Companion Planting for the Vegetable Garden

Companion Planting for the Vegetable Garden

Though some may plant their gardens haphazardly (to each their own, I say) I like to create a plan and plant carefully for beneficial growth and insect control. With 40 years of vegetable gardening experience as my guide, here are a few things that I have learned along the way.

  • Diversity in the garden (as in most areas of life) is healthier
  • Some plants have a positive effect on others
  • The results of these relationships are often as beautiful as they are productive

The following is a brief synopsis of what I have gathered on the subject of companion planting from books (Roses Love Garlic is my favorite), online blogs, friends, trial and error, and good old common sense. Some of this material is based on science and some on folklore. Take what works for you, be open to experimentation, and, above all, have fun. Whatever you decide to try, I think you will be pleasantly surprised by the results.

Good Companions

Members from this group of plants play well with others, bolster growth, and prevent disease or infestation from harmful insects. There is no 'wrong' way to go about companion planting (border planting, interplanting, etc.) and whatever you try is bound to produce better results than doing nothing. So be brave and dig in.

Asparagus - Tomatoes, parsley, basil, and nasturtium

Basil - Tomatoes, lettuce, and most garden crops

Beets - Chard, onions, broccoli, cabbage, Brussel sprouts, cauliflower, and bush beans

Bush Beans - Carrots, catnip, potatoes, strawberries, corn, and marigolds

Cabbages - Dill (attracts beneficial wasps) and tomatoes (cabbage moth caterpillar repellent)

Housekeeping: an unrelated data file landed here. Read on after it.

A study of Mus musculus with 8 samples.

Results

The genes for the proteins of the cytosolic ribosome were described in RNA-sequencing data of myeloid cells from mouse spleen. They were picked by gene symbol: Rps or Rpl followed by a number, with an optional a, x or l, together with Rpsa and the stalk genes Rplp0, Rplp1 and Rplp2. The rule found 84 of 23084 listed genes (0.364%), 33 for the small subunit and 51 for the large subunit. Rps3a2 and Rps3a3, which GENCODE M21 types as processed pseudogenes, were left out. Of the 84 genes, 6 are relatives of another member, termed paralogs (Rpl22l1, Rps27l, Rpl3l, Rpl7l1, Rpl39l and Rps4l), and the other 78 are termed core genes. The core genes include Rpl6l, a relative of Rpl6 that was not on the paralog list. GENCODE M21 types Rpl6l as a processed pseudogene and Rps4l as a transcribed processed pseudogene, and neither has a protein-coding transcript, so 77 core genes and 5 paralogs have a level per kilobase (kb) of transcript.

Carrots - Radish, rosemary, chives, leeks, lettuce, onions, cabbage, and sage

Cauliflower - Dwarf Zinnias (the nectar attracts ladybugs and other protective predators)

Corn - Beans (fix nitrogen and attract beneficial insects), squash, peas, and pumpkins

Cucumbers - Nasturtium (repels beetles), squash, and corn

Eggplant - Peppers, tomatoes, potatoes, and green beans

Lettuce - Beets, carrots, and tall flowers (to provide protective shade)

Marigolds - All garden crops benefit from this flower's ability to deter aphids, beetles, nematodes, and other harmful insects

Melons - Marigolds

Nasturtiums - Beans, cabbage, potatoes, radishes, and cucumbers

Onions - Carrots, beets, and lettuce

Peas - Corn, cucumbers, radishes, beans, and squash

Petunia - Beneficial throughout the garden

Potatoes - Cabbages, corn, eggplant, peas, Sweet Alyssum

Radish - Lettuce, peas, and cucumbers

Roses - Chives and garlic

Rosemary - Cabbage, carrots, beans, and sage

Spinach - Radishes, eggplant, celery, and strawberries

Strawberries - Spinach, bush beans, and lettuce

Sunflowers - Cucumbers

Swiss Chard - Kale, onions, and bush beans

Thyme - Improves growth and flavor of most vegetable, so plant generously

Tomatoes - Basil, carrots, parsley, cabbages, chives, and marigolds.

Poor Companions

Also know as allelopathic plants, this group does not play well with others and its members should be located well away from other plants. Allelopathic plants release chemicals which can inhibit another plant's health, sometimes causing them to bolt and go to seed too early, retard their growth, or outright kill them or their seed. These harmful substances are released from the leaves, flowers, bark, or the soil surrounding the plant. The list of antagonistic plants is extensive. Some of the more infamous are:  Fennel, Shasta Daisy, English Laurel, Elderberry, Eucalyptus, Sycamore, and Walnut trees.